The headlines are filled with plenty of blatant examples of employment discrimination, from supervisors insisting that female employees shouldn’t get so offended by derogatory remarks “the boys” made to hiring managers who refuse to hire candidates over 50 for fear they won’t be as productive.
Discrimination comes in many forms, some of which are quite a bit more subtle than the obvious. It would be hard to find any company that would actually post a sign that says something like “blacks need not apply” as they’d quickly be hit by a slew of employment discrimination cases. But scientific data has shown people are much more likely to encounter subtle forms rather than overt ones, which are often unintentional yet reflect unconscious beliefs.
These are just a few of some of the insidious examples of employment discrimination to be aware of.
Transferring a Pregnant Woman to a Lower Position
As the aforementioned study noted, pregnant women are often subject to subtle discrimination. For example, an employer might tell a pregnant worker that she’s being transferred to a different position with reduced pay and/or benefits or advanced opportunities, due to a perceived inability to perform her current job.
An employer can’t exercise this type of benign discrimination. In fact, most employers are required by federal law to develop accommodations for a worker who is pregnant or has a pregnancy-related condition like nausea or gestational diabetes.
Subtle racism can occur in the hiring process. For example, the hiring company has a warehouse and the majority of workers are hispanic. A hispanic job candidate is called in for an interview, applying for a job as a manager in the information technology department. He’s got a master’s degree in information technology and a decade of relevant experience but is asked to interview for a position in the warehouse instead. That could very well be racial discrimination, which can rear its ugly head in many different ways.
Intentionally Not Considering Certain Employees For Promotions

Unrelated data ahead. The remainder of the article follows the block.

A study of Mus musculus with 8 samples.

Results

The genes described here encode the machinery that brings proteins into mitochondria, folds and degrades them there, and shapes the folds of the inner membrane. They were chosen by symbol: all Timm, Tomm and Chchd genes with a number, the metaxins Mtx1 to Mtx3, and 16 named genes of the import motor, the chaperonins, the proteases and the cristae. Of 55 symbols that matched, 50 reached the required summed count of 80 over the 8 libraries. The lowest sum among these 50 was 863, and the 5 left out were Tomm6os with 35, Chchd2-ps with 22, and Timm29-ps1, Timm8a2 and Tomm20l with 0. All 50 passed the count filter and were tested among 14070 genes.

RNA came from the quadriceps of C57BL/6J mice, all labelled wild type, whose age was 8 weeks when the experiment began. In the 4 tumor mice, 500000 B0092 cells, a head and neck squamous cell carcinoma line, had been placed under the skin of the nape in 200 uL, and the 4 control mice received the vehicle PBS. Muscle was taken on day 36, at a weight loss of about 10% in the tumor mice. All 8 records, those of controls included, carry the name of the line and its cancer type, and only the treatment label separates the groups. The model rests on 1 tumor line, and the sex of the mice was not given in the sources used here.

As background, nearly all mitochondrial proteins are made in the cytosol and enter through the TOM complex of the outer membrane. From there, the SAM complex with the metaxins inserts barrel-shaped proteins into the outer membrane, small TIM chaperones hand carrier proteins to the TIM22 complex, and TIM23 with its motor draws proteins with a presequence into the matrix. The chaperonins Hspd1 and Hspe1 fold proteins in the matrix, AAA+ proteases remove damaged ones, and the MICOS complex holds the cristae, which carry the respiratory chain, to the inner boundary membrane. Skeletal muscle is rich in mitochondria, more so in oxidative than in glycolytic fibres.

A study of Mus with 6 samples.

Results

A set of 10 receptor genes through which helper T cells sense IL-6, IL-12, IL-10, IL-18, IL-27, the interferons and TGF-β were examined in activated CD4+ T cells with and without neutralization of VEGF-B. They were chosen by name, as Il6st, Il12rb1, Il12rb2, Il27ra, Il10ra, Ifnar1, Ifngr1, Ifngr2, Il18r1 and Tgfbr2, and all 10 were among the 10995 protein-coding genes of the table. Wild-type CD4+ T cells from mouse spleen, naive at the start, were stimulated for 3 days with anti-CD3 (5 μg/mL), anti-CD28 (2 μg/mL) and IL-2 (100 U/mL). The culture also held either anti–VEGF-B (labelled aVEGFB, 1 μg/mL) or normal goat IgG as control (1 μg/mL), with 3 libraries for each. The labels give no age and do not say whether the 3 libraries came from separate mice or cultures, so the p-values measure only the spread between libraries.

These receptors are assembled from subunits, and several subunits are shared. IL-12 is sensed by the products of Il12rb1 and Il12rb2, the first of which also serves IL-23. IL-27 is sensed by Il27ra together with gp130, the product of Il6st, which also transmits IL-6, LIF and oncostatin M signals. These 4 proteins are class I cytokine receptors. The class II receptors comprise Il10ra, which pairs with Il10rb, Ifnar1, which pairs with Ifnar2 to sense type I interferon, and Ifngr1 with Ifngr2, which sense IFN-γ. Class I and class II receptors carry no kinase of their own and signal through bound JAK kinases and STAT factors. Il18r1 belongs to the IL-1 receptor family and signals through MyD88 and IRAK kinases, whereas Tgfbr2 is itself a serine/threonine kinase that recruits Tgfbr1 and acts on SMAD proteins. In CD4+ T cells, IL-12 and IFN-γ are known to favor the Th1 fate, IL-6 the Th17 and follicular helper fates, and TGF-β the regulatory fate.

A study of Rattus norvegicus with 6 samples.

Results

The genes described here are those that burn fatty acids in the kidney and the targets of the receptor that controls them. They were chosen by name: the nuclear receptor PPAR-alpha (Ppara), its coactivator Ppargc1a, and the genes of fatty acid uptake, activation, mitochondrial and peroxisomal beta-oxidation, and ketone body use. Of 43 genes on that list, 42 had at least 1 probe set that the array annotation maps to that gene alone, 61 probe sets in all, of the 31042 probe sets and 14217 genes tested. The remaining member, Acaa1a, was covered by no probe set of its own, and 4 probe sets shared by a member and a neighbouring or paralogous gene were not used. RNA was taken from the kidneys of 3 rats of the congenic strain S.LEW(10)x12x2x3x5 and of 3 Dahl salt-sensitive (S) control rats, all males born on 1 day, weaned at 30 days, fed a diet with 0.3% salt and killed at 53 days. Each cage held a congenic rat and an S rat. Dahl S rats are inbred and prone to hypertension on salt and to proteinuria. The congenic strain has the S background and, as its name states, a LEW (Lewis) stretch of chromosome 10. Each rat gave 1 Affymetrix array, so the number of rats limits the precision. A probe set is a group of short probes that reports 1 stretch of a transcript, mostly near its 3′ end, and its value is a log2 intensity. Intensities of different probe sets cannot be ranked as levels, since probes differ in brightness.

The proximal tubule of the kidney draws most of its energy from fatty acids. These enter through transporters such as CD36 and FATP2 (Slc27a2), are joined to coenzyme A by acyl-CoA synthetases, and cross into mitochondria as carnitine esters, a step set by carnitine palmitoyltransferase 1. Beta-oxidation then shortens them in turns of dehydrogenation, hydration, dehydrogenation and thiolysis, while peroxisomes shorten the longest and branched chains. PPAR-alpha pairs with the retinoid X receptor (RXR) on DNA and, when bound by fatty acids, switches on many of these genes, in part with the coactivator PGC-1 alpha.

Racial hierarchies have historically been built into American organizations, which means management is often made up of a majority of white males. Even though discrimination has been officially outlawed and most companies would never say they’re racist or misogynist, for example, exclusion is visible in many of their processes.
If well-qualified people who don’t fit the mold of the management team, whether they’re black, female, gay, of a certain religion, or part of any other protected group, are not being promoted, subtle discrimination is likely taking place.
While slapping an employee on the rear is clearly harassment, sometimes it’s not a specific behavior, but what is said, displayed, posted, or worn in full view of co-workers that constitutes harassment.
These types of offenses can be just as harmful and may include displaying racist symbols like a swastika, playing music with profane language, or even having a conversation that’s likely to be considered offensive that other co-workers can hear, such as laughing about a particular religion. An employer who puts Christian verses in an employee newsletter could also be charged with discriminatory practices.
Lower Pay For Similar Work with a Similar Level of Performance and Experience
If you’re intentionally being paid less to do the same work as a result of your protected identity no matter what that might be, from gender to race, age to religion, that’s discrimination. Employers often point to experience or performance as the justification but oftentimes it’s an excuse to mask prejudice.